Newsom spotlights COVID, the issue that sparked the California recall, as he fights to save his job


Newsom’s been showcasing efforts to combat the coronavirus, the worst global pandemic in a century, touting California’s high COVID vaccination rate and warning of what may happen if he’s replaced by a conservative Republican in the governor’s office. By doing so, the governor is shining a spotlight on the very issue that sparked the recall effort against him over a year ago, when accusations that Newsom mishandled the Golden State’s response to the coronavirus triggered the to oust him.

“MILESTONE: More than 80% of eligible Californians have at least one dose of the #COVID19 vaccine & we continue to lead the nation with 48M shots in arms. Now, we’re in a pandemic of the unvaccinated as they fill up hospitals & ICUs. Vaccines are how we end this pandemic,” the governor’s office tweeted last week, using their official Twitter account.

And at a news conference outside a health clinic in Oakland the same day, Newsom compared California’s COVID rates to much higher ones in large states with conservative governors, such as Texas and Florida. 

Newsom also took aim at Larry Elder, the conservative talk radio host and the polling and fundraising front runner among the 46 gubernatorial replacement candidates on the recall ballot, who has said he’d halt the state’s vaccine and mask requirements if elected.

model is Texas and Florida, and Mississippi,” Newsom charged. “We have among the lowest positivity rates in America. They have the highest positivity rates in America. We have one of the lowest case rates in America. They’re among the highest.”

California has vaccine verification or testing requirements for state workers, school staff, and healthcare workers. The state has also implemented universal masking for K-12 students at schools.

“I know that Gavin Newsom has mandated that every state worker who has not been vaccinated be tested once a week and wear a face mask at work. I’m going to repeal that before I have my first cup of coffee,” Elder pledged on the campaign trail this past weekend.

Many of the other leading replacement candidates have joined Elder in saying that while they don’t oppose vaccines, they would roll back Newsom’s statewide vaccine mandates for those working for the state, in health care, and at schools.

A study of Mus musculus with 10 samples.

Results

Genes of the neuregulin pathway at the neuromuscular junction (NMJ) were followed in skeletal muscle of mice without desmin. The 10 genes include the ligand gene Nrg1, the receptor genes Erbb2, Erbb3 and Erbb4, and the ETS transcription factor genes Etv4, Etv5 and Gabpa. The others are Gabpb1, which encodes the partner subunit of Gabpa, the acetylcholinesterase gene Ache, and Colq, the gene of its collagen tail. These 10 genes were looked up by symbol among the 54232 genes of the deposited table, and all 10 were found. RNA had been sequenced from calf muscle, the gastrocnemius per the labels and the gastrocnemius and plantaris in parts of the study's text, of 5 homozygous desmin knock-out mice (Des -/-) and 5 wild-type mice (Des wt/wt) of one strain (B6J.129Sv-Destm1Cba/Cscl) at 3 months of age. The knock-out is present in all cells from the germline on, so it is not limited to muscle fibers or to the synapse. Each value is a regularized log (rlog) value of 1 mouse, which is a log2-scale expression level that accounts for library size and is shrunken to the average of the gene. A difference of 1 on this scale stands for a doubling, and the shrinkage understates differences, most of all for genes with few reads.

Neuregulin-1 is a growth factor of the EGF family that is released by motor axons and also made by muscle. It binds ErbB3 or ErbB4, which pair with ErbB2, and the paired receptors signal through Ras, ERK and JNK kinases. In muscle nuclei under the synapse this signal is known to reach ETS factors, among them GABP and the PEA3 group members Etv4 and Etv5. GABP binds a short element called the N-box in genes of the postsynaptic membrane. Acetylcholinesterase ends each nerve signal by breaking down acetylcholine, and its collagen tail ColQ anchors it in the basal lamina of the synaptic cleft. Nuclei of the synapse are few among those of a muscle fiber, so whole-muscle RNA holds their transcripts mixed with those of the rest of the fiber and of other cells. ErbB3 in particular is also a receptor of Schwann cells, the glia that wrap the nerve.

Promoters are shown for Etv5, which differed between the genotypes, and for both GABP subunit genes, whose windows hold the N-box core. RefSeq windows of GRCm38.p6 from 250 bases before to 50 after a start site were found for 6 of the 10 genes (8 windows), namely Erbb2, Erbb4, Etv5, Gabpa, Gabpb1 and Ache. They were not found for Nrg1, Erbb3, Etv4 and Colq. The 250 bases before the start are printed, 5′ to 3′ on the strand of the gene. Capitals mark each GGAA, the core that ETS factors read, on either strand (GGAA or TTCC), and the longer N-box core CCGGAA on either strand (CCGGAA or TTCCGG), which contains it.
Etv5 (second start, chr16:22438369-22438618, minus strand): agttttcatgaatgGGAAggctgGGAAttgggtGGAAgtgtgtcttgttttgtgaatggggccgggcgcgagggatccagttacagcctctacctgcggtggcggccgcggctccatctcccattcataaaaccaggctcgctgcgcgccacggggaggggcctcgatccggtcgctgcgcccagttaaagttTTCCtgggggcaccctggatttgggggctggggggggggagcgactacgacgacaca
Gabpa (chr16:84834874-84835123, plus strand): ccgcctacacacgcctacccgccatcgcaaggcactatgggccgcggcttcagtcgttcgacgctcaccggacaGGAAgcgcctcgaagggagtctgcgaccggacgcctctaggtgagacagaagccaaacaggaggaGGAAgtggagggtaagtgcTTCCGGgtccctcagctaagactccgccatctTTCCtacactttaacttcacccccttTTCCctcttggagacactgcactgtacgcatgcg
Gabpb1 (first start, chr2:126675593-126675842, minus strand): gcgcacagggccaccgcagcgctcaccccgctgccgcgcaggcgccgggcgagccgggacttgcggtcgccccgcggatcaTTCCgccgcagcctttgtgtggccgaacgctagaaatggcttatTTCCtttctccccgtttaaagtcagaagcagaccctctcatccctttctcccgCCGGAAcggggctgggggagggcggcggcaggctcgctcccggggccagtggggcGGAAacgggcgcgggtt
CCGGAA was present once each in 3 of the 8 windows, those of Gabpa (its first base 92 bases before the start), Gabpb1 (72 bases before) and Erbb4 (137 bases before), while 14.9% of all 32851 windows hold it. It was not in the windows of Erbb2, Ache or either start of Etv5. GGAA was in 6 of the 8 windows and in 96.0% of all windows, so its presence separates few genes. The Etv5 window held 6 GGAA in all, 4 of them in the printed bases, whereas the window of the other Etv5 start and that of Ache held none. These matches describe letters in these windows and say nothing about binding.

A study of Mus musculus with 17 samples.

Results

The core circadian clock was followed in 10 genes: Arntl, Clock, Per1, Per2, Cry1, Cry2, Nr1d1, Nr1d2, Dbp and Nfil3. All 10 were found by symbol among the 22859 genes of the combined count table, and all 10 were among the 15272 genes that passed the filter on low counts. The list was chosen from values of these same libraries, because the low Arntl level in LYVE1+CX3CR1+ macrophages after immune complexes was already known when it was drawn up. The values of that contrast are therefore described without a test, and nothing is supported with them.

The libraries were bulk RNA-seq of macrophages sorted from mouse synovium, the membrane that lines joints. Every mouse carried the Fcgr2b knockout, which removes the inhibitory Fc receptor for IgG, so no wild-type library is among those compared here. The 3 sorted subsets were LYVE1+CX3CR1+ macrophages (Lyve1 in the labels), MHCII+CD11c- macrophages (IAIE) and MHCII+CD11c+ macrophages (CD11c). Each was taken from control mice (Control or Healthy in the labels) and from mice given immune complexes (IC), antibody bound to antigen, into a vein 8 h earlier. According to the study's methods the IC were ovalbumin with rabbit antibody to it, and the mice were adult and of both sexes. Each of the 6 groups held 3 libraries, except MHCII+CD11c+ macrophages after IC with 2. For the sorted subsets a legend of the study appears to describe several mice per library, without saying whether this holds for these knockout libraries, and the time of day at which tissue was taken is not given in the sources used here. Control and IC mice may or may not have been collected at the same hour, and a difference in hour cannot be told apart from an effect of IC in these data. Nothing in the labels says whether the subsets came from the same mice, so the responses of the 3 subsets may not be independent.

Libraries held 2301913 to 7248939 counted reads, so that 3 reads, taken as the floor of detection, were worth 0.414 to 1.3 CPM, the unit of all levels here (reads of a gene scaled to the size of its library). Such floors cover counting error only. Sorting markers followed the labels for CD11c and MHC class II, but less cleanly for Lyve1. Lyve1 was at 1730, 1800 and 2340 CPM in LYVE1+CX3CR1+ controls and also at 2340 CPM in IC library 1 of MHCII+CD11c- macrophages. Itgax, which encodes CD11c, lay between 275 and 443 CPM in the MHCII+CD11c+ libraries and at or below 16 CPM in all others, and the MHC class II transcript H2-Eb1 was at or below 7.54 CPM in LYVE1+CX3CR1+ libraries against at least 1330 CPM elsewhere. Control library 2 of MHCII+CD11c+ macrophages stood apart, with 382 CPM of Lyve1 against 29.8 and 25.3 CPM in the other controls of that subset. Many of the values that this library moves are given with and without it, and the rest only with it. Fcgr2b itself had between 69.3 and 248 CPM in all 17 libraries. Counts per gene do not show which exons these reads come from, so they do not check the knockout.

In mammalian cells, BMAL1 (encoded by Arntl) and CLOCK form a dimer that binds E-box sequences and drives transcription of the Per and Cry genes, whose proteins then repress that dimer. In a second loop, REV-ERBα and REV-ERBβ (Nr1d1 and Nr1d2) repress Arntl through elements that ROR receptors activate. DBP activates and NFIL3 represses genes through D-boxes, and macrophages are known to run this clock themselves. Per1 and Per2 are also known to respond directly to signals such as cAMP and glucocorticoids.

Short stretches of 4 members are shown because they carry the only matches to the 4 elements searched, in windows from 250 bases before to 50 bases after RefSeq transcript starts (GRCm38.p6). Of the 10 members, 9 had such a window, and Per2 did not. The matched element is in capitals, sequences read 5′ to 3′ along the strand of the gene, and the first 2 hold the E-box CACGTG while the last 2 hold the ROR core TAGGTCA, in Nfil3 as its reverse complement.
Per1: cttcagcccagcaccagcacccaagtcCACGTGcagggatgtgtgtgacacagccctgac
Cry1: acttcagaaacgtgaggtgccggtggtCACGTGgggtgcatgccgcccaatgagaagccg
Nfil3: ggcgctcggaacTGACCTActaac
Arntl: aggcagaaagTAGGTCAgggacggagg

One of the other top contenders, businessman and 2018 GOP gubernatorial nominee John Cox, recently pointed to Florida’s more relaxed restrictions as a guide for he would do as California governor.

But Newsom argues that such moves would set California back in its battle to combat the coronavirus and recently emphasized that “there is no more consequential decision to the health and safety of the people, the state of California, than voting ‘no’ on this Republican recall.”

Voters are being asked two questions on the Newsom recall ballots. The first question is whether the governor should be removed from office. If more than 50% support removing Newsom, the second question offers a list of candidates running to replace the governor. If the governor is recalled, the candidate who wins the most votes on the second question – regardless of whether it’s a majority or just a small plurality – would succeed Newsom.

A statewide  TV commercial by Newsom’s political team which explains to voters how to fill out the ballots they’ve received in the mail claims that “ yes elects an anti-vaccine Trump Republican. Voting no keeps Gavin Newsom fighting the pandemic based on science, compassion and common sense.”

Top national Democratic surrogates who’ve joined Newsom on the Golden State campaign trail in recent days have also focused on the governor’s COVID efforts.

“The pandemic, we are turning the corner because, in part, of good work in getting the vaccine out there,” Sen. Amy Klobuchar of Minnesota, a 2020 Democratic presidential candidate, told the crowd at a rally in Santa Ana, California on Sunday.

Recent polling suggests Newsom’s game plan of focusing on COVID may prove successful.

Six in ten Californians supported vaccination mandates for employees, healthcare workers, and customers in indoor businesses, according to a CBS News poll conducted last month. And roughly 60% questioned in the survey said Newsom was doing a somewhat or very good job handling the pandemic. 

And a Policy Institute of California poll conducted last week indicated that COVID was the most pressing issue facing the state, followed by jobs and the economy, and homelessness. And more than three in four surveyed said the state was doing a good or excellent job distributing vaccines.

Newsom and allies acknowledge that they need a strong turnout to counter Republican voters motivated to cast ballots in hopes of ousting the governor – and the governor and his top advisers see COVID as a key issue to energize their supporters to fill out and hand in their ballots.